Many different theories explain what principles nurses have to use in their practice when treating patients. Guidelines concern not only physiological manipulations that are essential in a health care practice but also the psychological support that serves as a base for patients’ wellbeing. While most plans regarding physical elements are similar to many authors’ ideas, the ethical or even spiritual sides usually differ. The paper discusses the nursing theories of Neuman and Roy and applies different concepts to the case study.
specifically for you
for only $16.05 $11/page
Areas of Difference
Betty Neuman’s Systems Model (Reed, 1993) implies that people need to have all their systems in harmony to reach a state of good health. According to this theory, stressors affect an organism influencing its lines of defense, which are defined as normal and flexible, and the lines of resistance. Stressors are environmental and are characterized as intrapersonal, interpersonal, and extrapersonal. One of the assumptions different from Roy’s theory is that the psychological state is the one that has the most influence on the health state. Considering this factor, a nurse should work towards making a patient secure regarding emotional state influenced by his or her feelings, relationships, and life situation. Another different factor is a concept of different lines of defense that come into action one after another in order when the first line fails to provide resistance to environmental stressors. Thus, a nurse should analyze which line is triggered by a patient’s situation and offer corresponding psychological and medical support to ease his or her state.
Roy’s theory (Roy, 2014) differs primarily regarding its spiritual side because its creator belonged to a Christian confession. Callista Roy believed that the process of adaptation should be supplemented with faith. Only through accepting the presence of God and understanding one’s role in the universe a person could become a functional organism again.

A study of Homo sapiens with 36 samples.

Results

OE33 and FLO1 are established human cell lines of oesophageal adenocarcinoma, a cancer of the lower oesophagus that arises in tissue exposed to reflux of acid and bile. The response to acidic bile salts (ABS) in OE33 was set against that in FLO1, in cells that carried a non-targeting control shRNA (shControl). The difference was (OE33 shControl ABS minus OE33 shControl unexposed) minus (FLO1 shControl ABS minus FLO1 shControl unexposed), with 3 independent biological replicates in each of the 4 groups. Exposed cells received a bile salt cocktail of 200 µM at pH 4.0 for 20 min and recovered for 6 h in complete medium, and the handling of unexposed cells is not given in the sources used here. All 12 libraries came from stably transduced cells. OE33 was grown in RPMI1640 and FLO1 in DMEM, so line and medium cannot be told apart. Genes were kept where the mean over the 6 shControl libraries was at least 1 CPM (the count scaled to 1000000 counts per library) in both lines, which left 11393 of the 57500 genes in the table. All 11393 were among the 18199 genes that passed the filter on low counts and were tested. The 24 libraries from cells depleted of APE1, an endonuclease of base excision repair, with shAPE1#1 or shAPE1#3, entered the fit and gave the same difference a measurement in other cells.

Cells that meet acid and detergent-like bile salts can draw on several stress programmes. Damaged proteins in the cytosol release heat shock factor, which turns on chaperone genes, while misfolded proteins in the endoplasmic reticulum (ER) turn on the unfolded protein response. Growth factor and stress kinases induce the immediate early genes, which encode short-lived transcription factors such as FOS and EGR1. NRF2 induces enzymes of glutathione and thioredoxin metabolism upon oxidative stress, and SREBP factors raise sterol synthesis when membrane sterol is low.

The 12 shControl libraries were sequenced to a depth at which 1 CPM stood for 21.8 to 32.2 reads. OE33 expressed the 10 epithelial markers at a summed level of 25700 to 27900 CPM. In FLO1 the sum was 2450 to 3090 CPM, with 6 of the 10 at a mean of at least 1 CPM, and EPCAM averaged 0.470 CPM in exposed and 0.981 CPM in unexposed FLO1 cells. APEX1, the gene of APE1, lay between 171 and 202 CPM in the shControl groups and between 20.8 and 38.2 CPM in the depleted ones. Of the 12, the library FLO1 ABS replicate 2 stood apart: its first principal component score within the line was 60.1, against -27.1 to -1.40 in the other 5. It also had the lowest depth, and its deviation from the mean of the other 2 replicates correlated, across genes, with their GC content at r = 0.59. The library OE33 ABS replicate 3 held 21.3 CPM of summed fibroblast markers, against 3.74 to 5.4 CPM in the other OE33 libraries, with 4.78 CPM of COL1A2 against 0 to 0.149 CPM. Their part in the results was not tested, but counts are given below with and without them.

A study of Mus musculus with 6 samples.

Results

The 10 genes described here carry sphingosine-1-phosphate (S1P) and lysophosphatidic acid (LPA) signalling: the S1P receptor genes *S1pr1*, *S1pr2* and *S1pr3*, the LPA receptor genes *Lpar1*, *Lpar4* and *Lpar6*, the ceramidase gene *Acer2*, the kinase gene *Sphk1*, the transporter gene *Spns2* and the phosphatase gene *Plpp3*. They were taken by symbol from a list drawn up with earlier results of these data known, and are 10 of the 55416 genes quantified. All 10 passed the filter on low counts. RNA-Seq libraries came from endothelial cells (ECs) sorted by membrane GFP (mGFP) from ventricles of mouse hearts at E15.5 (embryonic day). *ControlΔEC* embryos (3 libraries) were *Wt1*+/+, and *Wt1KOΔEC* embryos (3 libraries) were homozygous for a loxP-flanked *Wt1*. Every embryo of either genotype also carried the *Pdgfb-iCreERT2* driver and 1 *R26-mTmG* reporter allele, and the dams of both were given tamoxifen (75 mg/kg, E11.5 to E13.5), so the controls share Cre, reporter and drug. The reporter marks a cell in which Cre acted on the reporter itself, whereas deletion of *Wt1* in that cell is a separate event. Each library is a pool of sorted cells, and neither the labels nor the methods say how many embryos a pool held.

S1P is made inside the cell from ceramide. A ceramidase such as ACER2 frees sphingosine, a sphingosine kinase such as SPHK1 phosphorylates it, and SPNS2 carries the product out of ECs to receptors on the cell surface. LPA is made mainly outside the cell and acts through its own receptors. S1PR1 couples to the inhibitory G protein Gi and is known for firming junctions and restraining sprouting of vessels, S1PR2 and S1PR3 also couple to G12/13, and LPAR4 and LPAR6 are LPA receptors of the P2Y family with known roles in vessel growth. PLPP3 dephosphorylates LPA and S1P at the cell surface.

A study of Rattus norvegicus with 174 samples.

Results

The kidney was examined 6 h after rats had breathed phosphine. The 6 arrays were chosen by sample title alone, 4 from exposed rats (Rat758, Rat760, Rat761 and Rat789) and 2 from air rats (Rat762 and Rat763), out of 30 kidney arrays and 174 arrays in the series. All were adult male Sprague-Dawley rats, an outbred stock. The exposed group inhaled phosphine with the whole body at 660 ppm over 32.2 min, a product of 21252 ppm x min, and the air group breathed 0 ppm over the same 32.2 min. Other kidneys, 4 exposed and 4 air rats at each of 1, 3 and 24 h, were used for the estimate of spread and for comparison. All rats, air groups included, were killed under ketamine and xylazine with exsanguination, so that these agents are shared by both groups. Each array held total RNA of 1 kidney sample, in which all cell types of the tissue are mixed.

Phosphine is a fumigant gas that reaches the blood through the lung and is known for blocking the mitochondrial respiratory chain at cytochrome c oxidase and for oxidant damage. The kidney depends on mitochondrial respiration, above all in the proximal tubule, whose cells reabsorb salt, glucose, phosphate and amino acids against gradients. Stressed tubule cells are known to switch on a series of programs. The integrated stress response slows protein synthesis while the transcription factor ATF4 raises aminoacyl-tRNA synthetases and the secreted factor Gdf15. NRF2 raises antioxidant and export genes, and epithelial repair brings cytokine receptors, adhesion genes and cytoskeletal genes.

Plan of Care
The case study features the story of a man who is already very old and who has health issues that do not let him be a functional part of society and take care of himself. Roy’s theory implies that the treatment plan for this patient should include the interaction process with his daughter. If she is willing to help, this would be the best care according to this theory, as the idea of faith and universal bond among people has to work towards health improvement.
Neuman’s model calls for another approach. The patient’s family situation should be reconsidered carefully to identify the main environmental factors that could serve as a positive influence on his health. Communication with his daughter will be beneficial if only this does not create any type of insecurity within the patient. Another factor to consider is the lines of defense and resistance. The flexible lines have been damaged since the patient went through a serious illness. A nurse should identify the level from where to start building a new defense system.
Neuman’s model uses a psychological approach for treating the patient, while Roy’s theory relies on Christian faith. While understanding one’s place and role in the universe may be a part of psychology, it intersects with spiritual beliefs. The patient could be treated within either of these frameworks, and nurses have to evaluate his emotional state to make any conclusions about the following health care practice.
Reed K. S. (1993). Betty Neuman: The Neuman systems model. Newbury Park, CA: Sage Publications, Inc.
100% original paper
on any topic
done in as little as
Roy, C. (2014). Generating middle range theory: From evidence to practice. New York, NY: Springer Publishing Company, LLC.